A total of 3,068 non-governmental organisations (NGOs) received foreign funding above Rs. 22,000 crore in 2014-15, according to government data presented in response to a question in Parliament.
These are NGOs who reported receiving more than Rs. 1 crore from foreign donors. This amount was 83.3 per cent (nearly double) more than the Rs. 12,000 crore received by 2,301 such NGOs during 2013-14. As much as Rs. 7,300 crore — or 33 per cent of the total — went to NGOs based in Delhi and Tamil Nadu alone.
In fact, 80 per cent of this funding went to NGOs based in seven States — Delhi, Andhra Pradesh, Maharashtra, Kerala, Tamil Nadu, Karnataka and West Bengal.
As of July 2016, 33,091 NGOs were registered under the Foreign Contribution Regulation Act, which regulates foreign funding to these bodies.
Delhi, T.N. NGOs get chunk of foreign funds
The total funds received from abroad during the last three years and the current year is Rs. 51,000 crore, the Home Ministry said in response to a question in Parliament last week.
“Delhi has always been the top recipient as many international charities are registered in the capital and funds are then passed on to other States. Similarly, Maharashtra figures [high] on the list as many organisations register in Bombay,” Mathew Cherian, Chairperson of Voluntary Action Network India told The Hindu .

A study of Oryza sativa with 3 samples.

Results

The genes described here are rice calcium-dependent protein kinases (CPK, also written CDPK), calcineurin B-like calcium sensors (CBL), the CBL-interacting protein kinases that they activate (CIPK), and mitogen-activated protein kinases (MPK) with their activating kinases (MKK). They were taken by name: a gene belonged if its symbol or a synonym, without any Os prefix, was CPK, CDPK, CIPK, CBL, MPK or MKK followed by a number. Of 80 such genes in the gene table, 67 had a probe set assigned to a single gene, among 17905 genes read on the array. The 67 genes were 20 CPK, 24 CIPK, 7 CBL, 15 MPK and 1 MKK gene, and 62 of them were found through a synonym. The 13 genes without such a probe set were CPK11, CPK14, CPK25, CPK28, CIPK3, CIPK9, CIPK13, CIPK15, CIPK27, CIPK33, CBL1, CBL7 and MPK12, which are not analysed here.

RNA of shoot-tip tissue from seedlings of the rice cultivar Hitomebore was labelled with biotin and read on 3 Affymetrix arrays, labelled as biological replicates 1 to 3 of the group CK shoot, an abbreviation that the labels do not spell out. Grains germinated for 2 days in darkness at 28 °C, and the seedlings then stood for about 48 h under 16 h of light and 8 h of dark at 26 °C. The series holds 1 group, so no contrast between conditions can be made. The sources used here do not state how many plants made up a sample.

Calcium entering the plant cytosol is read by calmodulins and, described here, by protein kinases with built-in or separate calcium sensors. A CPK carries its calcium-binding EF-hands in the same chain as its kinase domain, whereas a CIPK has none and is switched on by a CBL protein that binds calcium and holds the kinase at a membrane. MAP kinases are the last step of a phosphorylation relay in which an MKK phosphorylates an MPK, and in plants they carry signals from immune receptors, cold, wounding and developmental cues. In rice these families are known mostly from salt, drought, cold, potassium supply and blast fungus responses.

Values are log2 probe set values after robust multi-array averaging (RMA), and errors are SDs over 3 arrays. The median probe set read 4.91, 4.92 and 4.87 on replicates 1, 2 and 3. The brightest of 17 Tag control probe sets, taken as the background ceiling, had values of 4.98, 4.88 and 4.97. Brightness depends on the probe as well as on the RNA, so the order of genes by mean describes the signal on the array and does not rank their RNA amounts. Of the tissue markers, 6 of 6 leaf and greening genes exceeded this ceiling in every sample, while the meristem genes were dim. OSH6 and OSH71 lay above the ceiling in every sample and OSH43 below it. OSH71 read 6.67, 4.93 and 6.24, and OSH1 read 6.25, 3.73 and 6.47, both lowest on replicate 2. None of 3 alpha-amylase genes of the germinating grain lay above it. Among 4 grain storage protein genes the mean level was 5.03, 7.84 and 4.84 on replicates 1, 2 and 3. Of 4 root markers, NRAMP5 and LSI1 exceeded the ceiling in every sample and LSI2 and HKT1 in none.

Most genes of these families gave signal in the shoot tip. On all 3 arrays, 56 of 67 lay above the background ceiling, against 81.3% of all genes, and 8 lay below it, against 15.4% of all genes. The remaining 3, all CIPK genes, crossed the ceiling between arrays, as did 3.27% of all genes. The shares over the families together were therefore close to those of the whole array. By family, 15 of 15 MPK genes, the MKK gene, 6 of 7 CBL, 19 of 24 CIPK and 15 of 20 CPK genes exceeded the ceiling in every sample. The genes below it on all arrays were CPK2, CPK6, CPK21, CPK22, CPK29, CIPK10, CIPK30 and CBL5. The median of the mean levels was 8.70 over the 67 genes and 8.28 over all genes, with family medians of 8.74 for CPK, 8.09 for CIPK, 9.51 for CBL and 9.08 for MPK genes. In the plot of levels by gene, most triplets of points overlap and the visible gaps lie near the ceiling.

Granular data with details of funders and recipients is not available after 2011-12. In that year, the highest foreign contribution was received by the World Vision of India, Tamil Nadu, (Rs. 233.38 crore), followed by the Believers Church India, Kerala (Rs. 190.05 crore), Rural Development Trust, Andhra Pradesh (Rs. 144.39 crore), Indian Society Of Church Of Jesus Christ Of Latter Day Saints, Delhi (Rs. 130.77 crore) and Public Health Foundation of India, Delhi (Rs. 130.31 crore).
Faith-based charities tend to attract more foreign funding, Mr. Cherian said. “Southern States get more foreign money due to the presence of Christian organisations,” he added.
U.S., U.K. and Germany were among the top donor countries in 2011-12.
The highest amount of foreign donor money was utilised for rural development, followed by the welfare of children, construction and maintenance of schools and colleges and research, the annual FCRA report of 2011-12 said.